Historical Stories - 1921

Discovery_Well_1The ensuing years were financially difficult for the new city.  Landowners resorted to public land auctions to stay out of debt.  An interesting footnote to these early days is the purchase of cheap land by the Encyclopedia Britannica Company to subdivide and give away as bonus lots to purchasers of a set of their Student Reference Encyclopedias (a special edition of some twelve volumes).  ”The company negotiated a deal with the Huntington Beach Company to purchase seven five-acre tracts located two and one half miles from the beach.  It subdivided each five–acre tract into sixty lots resulting in 420 lots in all.  These lots located inland, on hillsides and in ravines, were for the most part worthless.”  However, the need for more housing generated a need for the land.  For several years, each owner of an encyclopedia lot received $100.00 a month for the use of the land.  What appeared to have been a valueless gift of land resulted in fortunes of various amounts to its recipients.

The initial growth of the city began with the oil boom in 1920.  This was the largest California oil deposit known at the time.  What was once a sleepy beach town exploded.  Wells sprang up overnight and in less than a month the town grew from 1,500 to 5,000 people.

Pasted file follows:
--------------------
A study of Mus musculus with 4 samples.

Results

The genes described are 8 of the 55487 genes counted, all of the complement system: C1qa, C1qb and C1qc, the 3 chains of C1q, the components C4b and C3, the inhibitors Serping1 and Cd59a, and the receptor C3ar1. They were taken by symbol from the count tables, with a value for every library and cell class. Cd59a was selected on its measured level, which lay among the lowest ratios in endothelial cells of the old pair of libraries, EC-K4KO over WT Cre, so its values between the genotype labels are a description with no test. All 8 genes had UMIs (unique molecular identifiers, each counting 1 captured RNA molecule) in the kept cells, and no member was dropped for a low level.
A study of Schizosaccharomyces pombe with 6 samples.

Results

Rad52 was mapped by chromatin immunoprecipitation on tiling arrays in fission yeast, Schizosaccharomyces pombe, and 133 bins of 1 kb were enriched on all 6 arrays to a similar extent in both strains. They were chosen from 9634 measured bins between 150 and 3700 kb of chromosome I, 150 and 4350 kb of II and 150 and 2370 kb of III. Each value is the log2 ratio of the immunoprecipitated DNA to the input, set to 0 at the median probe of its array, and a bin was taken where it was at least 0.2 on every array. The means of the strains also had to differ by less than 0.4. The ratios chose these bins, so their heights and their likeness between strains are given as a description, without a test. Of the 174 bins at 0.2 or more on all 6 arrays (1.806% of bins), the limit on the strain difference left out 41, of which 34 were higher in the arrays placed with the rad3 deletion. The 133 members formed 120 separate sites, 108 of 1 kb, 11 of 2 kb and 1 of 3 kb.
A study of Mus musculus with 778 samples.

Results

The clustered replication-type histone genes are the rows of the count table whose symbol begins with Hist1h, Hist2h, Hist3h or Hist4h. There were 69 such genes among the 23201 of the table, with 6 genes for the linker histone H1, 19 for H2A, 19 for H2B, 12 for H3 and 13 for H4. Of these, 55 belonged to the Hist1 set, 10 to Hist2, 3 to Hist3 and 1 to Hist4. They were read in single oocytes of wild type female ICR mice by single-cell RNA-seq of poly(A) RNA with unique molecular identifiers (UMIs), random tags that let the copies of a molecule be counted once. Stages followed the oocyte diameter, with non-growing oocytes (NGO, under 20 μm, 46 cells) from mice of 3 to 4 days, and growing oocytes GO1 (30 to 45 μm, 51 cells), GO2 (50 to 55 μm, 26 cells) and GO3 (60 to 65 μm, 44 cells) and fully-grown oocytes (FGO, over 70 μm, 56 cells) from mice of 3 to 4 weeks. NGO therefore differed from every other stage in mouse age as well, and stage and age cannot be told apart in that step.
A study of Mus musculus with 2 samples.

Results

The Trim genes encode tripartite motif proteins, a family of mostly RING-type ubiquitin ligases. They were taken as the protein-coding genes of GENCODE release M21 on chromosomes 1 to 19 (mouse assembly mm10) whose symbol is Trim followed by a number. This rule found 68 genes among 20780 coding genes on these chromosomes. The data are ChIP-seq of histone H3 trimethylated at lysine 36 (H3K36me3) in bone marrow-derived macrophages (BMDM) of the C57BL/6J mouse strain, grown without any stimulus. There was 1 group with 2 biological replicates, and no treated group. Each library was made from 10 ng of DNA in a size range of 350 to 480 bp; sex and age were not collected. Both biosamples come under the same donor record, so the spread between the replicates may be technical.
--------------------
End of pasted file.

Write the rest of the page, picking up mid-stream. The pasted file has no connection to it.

Duke_KahanamokuIn 1921, Duke Kahanamoku brought the sport of surfing to Huntington Beach and the Southern California shores, which further enhanced the community’s popularity and fueled the population growth.  As the city grew, so did faith communities.

That same year, on the feast day of Sts. Simon & Jude, October 28, 1921, the name of the church was changed from St. Mary’s Mission to Sts. Simon & Jude.  The little church was nothing but a long hall with an improvised altar (which was a long table).  The little house, formerly the Parish Hall, was torn down so that an oil well might be drilled there with the hope that it would bring great wealth as many other wells had done in Huntington Beach.  On October 28, 1921, Bishop John J. Cantwell named Father Maurice Hartnett as Pastor. (Bishop Conaty had passed away in 1915.)

Father Harnett celebrated the first Mass in the newly named parish on November 6, 1921.  One year later, in 1922, Pope Pius XI created the Diocese of Los Angeles – San Diego.